HEPI: ‘It could take a century to hit HE access targets’

At the current rate of progress, it will take 96 years to hit the official targets for access to highly selective universities in England set by the regulator, the Office for Students.

Without faster progress, the target of raising the participation rate of young people (aged 18 to 30) from the least advantaged areas to the existing participation rate for young people from the most advantaged areas will take four times as long as the current target date of 2037-38 to end equality gaps in higher education.

This is the conclusion of a new report published by the Higher Education Policy Institute or HEPI, Social Mobility and Elite Universities (HEPI Policy Note 20), by Professor Lee Elliot Major and Dr Pallavi Amitava Banerjee, both of the University of Exeter.

It says that to ensure young people in all areas enjoy the same current participation rate as the most advantaged, there would need to be a doubling in the number of places at highly selective universities to 170,000.

If the number of degree places at more selective institutions were instead kept steady, the number of places for advantaged pupils would need to fall by 10,000 or one-third of current annual intakes (assuming the participation rate of those in the middle does not change).

Major, a professor in social mobility at the University of Exeter and the lead author of the report, said: “Current progress on fairer access to our most selective universities is glacially slow.”

He said the time has come for a simpler, more transparent, consistent and honest system of university admissions, recognising that A-Level grades and the system of predicted grades are no longer the gold standard of entry.

“Failing to find ways of expanding university places will prompt acrimonious battles over who secures degree places – a clash of the classes – with politicians, parents and students questioning the fairness of university admissions.”

Universities need to embrace a cultural shift in the support provided for students from disadvantaged backgrounds, seeing greater diversity as an opportunity to enrich the academic experience for all students and staff, the report argues.

Its recommendations include:

  • • More contextualised admissions – the authors argue that universities in England should produce two published offers for degree courses, a standard entry requirement and a minimum entry requirement of up to three A-Level grades lower (for example, 3Bs rather than 3As), learning from successful practice in Scotland.

  • • Random allocation of places – universities should consider using random allocation of places for students over a minimum academic threshold, as has occurred in other countries.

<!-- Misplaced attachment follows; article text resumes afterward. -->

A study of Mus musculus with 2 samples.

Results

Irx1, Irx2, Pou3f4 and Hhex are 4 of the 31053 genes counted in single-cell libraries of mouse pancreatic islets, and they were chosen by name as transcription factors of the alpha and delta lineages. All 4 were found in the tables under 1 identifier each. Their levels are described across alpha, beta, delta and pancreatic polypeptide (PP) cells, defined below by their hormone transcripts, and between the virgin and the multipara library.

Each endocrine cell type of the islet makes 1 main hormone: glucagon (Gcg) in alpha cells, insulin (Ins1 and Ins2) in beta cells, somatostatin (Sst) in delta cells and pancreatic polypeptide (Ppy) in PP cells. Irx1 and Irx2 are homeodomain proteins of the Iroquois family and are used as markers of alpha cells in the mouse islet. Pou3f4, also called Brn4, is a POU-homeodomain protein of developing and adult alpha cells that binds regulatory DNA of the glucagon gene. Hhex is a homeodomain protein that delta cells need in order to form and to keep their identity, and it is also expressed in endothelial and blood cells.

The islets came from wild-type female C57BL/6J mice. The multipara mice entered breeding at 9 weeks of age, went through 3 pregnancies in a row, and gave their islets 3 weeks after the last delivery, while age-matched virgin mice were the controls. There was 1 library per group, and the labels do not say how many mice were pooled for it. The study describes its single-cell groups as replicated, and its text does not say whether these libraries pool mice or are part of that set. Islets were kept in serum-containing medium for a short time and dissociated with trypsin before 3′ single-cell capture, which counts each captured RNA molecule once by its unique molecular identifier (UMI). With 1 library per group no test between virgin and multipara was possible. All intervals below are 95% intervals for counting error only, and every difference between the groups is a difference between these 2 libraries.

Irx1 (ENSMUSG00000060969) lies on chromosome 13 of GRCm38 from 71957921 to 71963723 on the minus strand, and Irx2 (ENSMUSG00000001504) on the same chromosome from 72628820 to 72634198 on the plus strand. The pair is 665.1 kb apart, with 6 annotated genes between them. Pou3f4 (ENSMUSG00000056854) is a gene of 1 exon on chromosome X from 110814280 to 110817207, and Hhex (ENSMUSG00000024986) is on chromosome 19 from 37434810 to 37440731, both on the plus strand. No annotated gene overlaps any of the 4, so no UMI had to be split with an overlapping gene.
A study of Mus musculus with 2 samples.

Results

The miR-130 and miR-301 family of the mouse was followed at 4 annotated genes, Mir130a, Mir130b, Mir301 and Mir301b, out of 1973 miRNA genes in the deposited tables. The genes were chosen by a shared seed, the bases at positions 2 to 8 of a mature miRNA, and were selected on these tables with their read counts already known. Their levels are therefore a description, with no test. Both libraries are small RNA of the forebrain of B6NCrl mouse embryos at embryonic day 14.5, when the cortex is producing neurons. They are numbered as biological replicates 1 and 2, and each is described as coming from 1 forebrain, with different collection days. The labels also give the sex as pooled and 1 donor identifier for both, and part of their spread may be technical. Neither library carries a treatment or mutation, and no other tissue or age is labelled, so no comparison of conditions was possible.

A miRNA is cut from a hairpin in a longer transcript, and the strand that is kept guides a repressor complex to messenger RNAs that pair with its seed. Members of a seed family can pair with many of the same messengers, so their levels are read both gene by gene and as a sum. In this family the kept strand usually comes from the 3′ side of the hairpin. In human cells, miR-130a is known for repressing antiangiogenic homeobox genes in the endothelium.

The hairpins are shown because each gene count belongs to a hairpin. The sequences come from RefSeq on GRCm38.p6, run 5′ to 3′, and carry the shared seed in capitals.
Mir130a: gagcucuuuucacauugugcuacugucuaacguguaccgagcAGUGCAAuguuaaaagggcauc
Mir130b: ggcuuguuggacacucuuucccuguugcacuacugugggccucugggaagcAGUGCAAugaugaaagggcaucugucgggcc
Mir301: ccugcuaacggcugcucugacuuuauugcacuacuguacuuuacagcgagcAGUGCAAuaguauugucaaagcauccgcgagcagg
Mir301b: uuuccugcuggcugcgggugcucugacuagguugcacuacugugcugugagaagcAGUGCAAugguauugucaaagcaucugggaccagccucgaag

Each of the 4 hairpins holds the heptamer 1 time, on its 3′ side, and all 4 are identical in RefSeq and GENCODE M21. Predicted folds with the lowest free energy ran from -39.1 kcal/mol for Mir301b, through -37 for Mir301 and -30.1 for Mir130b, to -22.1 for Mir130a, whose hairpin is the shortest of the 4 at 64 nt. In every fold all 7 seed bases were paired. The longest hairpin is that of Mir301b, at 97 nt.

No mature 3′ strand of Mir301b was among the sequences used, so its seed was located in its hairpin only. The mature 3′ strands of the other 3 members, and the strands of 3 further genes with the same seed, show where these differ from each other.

• • More diverse provision – the Office for Students should challenge highly selective universities to expand student numbers in innovative ways to diversify their intakes, including more degree apprenticeships, foundation years and courses for part-time and mature learners.

Banerjee, co-author of the report and senior lecturer at the Graduate School of Education at the University of Exeter, said: “We need a fundamental shift in culture, with universities reflecting on the needs of students from a range of backgrounds, from extra-curricular activities to lectures and tutorials.

“We need a mixed economy of degree places even at our most prestigious academic institutions.”

Nick Hillman, director of HEPI, said: “Higher education transforms people’s lives. Since the removal of student number controls, it has been easier than ever before for young people with the potential and desire to go to find a place.

“Yet access remains very unequal, especially at more selective universities.”

He said people from disadvantaged backgrounds are much less likely to attend the country’s oldest, most famous and most prestigious universities and, while trends are moving in the right direction, progress has been very slow.

“The Office for Students are right to keep the pressure on and this new report will hopefully encourage an evidence-informed debate on how to speed up the process,” he said.

But Tim Blackman, vice-chancellor of the Open University, writing in response to the report for HEPI, said that while the measures the report advocates would help diversify elite institutions, they would do so at the cost of other universities, particularly those established post 1992, that “do not have the prestige that comes with the academic snobbery that pervades British higher education”.

He said a key recommendation of the report is the one to adopt the Scottish approach of each programme in every institution including an intake quota at lower grades reserved for applicants from the most deprived areas.

“This recognises that deprivation generally depresses academic attainment and that these applicants are still likely to succeed with the right support and teaching.”

But the problem is that the elite universities, because they are highly selective, cream off students who have had all the advantages that enable them to be academic high achievers at school, concentrating these students in institutions that are full of other students like them, he said.

This makes all universities less diverse and “denies other universities a mix of abilities that is likely to enrich their learning environment and benefit everyone”, he argues.

“Reluctantly, I have come to the conclusion that the only way to address this problem is to return to student number controls at an institutional level and require institutions to use entry quotas banded by grades above a minimum matriculation requirement to create mixed ability intakes across the board. This would be a requirement of their access or outcome agreements,” he said.